Like Hypnotizing Chickens
We can’t draw, but if we did, we would submit the most awesome cartoon ever to The New Yorker. Here’s the set-up: There’s a closet, and in it there are a few pairs of ratty jeans and a pair of lamé trousers. (Not at all sure how one might go about sketching lamé, although we bet that Remnick can fix it in post.) Next to the various pants are a whole bunch of empty clothes hangers. In fact, there’s not a shirt to be found. Absolutely nothing in the closet can be used to clothe a human torso. Got the picture? Good. OK, now here’s the punch line: Beneath the drawing, in the magazine’s signature font, are the words “IGGY POP’S CLOSET.”
Bwa ha ha ha ha ha!
You know what? Fuck you: It was funny and you know it. Jerks.
Anyhoo, our disquisition from the other day about Blondie reminded us, in a very serpentine and roundabout way, of another comic strip that’s always left us feeling as though we shouldn’t have dropped so much acid back when we were in high school. When it was in its heyday, Ernie Bushmiller’s Nancy was the weirdest thing you’d see in the funny papers, a sparsely populated Interzone that resembled our home planet in the same way Canadians resemble real people. The strip featured the titular slot-nosed little girl with no discernable personality who hung out with Sluggo, an impoverished loafer who seemed to live by himself in a shanty across town even though he was, like, six. Nancy lived with her Aunt Fritzi, a raven-tressed domestic bombshell who spent an inordinate amount of panel space stripped down to her underwear. Nothing ever happened, which made it a fairly unsatisfying read, but as cartoonist Wally Wood once remarked, we read the strip every day because “It takes less time to read Nancy than it does to decide not to read it.”
Bushmiller didn’t write gags per se––it always seemed as if he just forgot to draw a final panel every day, leaving the reader with a set-up in search of a punch line–– but his non-jokes were so off-putting that they often engendered a sort of gassy mirth. Example: Nancy’s sitting in the tub, eating an ice cream cone. In the first two panels, she just sits there, staring into the middle distance, cone clenched in her four-fingered fist. In the final panel, where a saner cartoonist would put the gag, she says, “No one will find me in here. Ha! Ha!” And that’s it. End of strip. On days when we forget to take our medicine, that particular strip still stands as the funniest thing in the entire world.**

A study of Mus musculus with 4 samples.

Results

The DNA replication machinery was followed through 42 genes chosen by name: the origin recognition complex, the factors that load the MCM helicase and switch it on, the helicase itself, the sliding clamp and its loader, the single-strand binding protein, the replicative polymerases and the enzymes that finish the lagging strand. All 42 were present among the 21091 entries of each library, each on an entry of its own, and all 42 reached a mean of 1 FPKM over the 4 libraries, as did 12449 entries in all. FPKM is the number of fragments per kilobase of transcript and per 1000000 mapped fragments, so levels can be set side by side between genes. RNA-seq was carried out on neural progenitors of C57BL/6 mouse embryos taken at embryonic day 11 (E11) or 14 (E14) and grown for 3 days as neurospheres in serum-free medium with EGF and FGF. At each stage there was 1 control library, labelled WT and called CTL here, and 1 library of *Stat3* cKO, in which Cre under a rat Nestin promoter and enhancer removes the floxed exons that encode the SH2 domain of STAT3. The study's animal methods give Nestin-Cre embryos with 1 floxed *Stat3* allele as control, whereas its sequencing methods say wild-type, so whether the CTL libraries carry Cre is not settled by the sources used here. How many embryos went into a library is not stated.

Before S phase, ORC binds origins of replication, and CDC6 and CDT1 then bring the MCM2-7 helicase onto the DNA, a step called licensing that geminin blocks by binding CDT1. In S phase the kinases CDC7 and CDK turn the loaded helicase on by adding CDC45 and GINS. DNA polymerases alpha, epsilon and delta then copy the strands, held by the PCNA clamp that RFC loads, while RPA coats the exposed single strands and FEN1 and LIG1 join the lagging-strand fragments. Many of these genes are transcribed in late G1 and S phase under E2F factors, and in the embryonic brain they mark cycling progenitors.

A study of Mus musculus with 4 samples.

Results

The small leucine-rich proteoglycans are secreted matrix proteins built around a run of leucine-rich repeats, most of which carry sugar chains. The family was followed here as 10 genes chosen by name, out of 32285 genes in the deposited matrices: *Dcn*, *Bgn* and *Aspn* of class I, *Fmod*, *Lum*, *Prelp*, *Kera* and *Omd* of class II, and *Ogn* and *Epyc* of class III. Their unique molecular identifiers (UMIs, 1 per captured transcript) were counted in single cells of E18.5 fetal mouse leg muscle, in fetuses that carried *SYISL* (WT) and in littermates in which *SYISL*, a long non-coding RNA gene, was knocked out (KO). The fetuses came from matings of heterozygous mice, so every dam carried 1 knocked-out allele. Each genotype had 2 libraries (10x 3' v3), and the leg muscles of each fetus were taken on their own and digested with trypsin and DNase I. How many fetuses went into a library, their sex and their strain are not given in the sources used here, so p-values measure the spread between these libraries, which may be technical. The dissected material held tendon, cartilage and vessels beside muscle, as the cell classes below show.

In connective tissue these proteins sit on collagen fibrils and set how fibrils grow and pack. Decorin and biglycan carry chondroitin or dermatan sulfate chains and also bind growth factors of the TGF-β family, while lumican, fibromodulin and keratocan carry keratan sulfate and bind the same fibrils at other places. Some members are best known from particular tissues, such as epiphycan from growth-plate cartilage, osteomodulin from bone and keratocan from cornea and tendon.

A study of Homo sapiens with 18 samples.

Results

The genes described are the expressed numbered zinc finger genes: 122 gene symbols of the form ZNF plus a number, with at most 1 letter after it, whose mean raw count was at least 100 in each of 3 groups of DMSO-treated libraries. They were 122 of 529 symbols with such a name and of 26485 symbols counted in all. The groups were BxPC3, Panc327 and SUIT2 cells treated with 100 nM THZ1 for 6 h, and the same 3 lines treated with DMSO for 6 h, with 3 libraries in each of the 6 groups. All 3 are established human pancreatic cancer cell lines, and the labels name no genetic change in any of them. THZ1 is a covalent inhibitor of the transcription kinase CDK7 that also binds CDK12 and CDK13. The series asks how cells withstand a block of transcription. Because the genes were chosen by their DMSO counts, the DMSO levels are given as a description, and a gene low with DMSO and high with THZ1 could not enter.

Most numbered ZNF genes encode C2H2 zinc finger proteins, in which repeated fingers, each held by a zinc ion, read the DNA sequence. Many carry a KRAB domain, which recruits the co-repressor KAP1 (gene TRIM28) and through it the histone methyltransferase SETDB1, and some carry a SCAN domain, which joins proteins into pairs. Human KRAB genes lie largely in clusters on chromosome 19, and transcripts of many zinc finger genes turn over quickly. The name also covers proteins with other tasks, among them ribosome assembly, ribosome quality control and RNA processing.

The most compelling element of the old Nancy strips was Bushmiller’s weird compulsion to draw the same pile of three rocks in the background of nearly every strip that takes place outdoors. Without fail, there are always three rocks. Not one, not two, not four, but three.
Art Spiegelman explains how the three rocks were Bushmiller’s way of showing the reader there were “some” rocks in the background: “It was always three. Why? Because two rocks wouldn’t be ‘some rocks.’ Two rocks would be a pair of rocks. And four rocks was unacceptable because four rocks would indicate ‘some rocks’ but it would be one rock more than it was necessary to convey the idea of ‘some rocks.’”
OK, no more cartoon talk. There’s a bottle of Maker’s waiting out on the sideboard for us at Team Sakebomb HQ, and we’re in the mood to make it disappear quickly. Like Hunt and Liddy, Sakebomb and Maker’s are two elements that should never be allowed in the same room, because when we’re together, a sort of supernova of stupidity occurs, a critical mass of ill-advised behavior. Enjoy the weekend, kids.
*Well, second funniest. David Lynch’s The Angriest Dog in the World pretty much takes Nancy’s nothing-to-see-here ethos to its most absurd and hilarious conclusion.